Why boron-nitrogen containing aromatic compounds are so promising? New challenges, new ideas
Université de Pau et des Pays de l’Adour, Institute of Analytical Sciences and Physical
Chemistry for the Environment and Materials IPREM, UMR UPPA-CNRS 5254, Av. de
l’Université, 64 000 Pau, France.
Boron(B)-nitrogen(N)-containing heteroaromatic compounds are a family of heterocycles that are isoelectronic and isostructural to the family of classical organic counterparts, as for example benzene, naphthalene and anthracene, and also as mono-nitrogen containing heterocycles such as pyrrole, indole and iso-indole.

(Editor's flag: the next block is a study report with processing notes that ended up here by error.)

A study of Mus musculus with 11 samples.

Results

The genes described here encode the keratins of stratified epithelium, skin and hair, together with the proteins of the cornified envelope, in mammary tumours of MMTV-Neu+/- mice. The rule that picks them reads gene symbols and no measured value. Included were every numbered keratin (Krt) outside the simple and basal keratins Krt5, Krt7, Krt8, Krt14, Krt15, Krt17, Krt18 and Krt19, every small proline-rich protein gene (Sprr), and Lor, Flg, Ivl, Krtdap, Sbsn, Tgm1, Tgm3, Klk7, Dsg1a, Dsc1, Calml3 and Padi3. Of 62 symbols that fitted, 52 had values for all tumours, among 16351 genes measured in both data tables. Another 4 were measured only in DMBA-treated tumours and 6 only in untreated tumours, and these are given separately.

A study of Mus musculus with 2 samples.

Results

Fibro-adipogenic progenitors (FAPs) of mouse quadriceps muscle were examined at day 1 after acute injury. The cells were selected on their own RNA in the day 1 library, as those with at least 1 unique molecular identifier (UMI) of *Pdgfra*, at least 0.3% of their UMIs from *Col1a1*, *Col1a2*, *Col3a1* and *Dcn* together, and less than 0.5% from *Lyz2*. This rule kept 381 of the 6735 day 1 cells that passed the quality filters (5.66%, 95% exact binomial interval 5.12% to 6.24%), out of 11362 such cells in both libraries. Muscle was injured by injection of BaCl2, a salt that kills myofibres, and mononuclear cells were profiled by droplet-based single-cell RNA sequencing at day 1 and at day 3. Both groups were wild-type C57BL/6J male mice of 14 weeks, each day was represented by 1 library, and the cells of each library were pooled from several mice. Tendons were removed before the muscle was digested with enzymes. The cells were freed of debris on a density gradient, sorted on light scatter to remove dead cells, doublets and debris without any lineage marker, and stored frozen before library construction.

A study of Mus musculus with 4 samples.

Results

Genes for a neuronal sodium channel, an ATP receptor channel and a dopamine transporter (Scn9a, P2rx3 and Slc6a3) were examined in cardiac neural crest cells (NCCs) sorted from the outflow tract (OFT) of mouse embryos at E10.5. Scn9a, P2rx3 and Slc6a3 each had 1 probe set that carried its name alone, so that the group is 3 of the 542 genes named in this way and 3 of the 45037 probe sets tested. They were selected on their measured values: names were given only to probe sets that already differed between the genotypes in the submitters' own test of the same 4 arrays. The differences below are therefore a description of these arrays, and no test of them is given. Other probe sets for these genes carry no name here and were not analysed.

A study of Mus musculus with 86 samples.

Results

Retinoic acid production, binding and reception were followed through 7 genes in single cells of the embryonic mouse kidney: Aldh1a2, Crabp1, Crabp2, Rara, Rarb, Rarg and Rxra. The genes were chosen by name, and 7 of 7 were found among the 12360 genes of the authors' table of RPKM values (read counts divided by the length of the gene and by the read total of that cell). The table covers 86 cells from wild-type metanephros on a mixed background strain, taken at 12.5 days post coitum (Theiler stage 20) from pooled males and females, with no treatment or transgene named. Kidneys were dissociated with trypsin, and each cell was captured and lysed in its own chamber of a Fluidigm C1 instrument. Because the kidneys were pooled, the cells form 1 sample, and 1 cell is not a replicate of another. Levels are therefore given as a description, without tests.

The first compounds synthesized in the 1950s, resurged interest in the mid 2000s, due to the particularly interesting electronic properties and potential applications, for example as organic-based optoelectronic devices or biomedical agents. To improve our understanding of the electronic structure of the BN-aromatics, we have studied BN-monocyclic1–3 (five- and six-membered heterocycles), BN-bicyclic4–6 and BN-tricyclic7 analogs, using a combined UV-photoelectron spectroscopy (UV-PES) / computational chemistry approach. Ultraviolet photoelectron spectroscopy (UV-PES) is a well-established technique to provide ionization energies of molecules in gas phase. These experimental data supported by quantum calculations for the consistency of the assignments of PE bands provide fundamental information about electronic structure and bonding that is obtained by no other technique. Thus, considering that the electronic structure depends strongly of the orientation of the BN pattern placement, the exploration of the BN substitution strategy in such systems is of great importance for effective tuning of the chemical and physical properties of conjugated molecules with one or more BN unit embedded.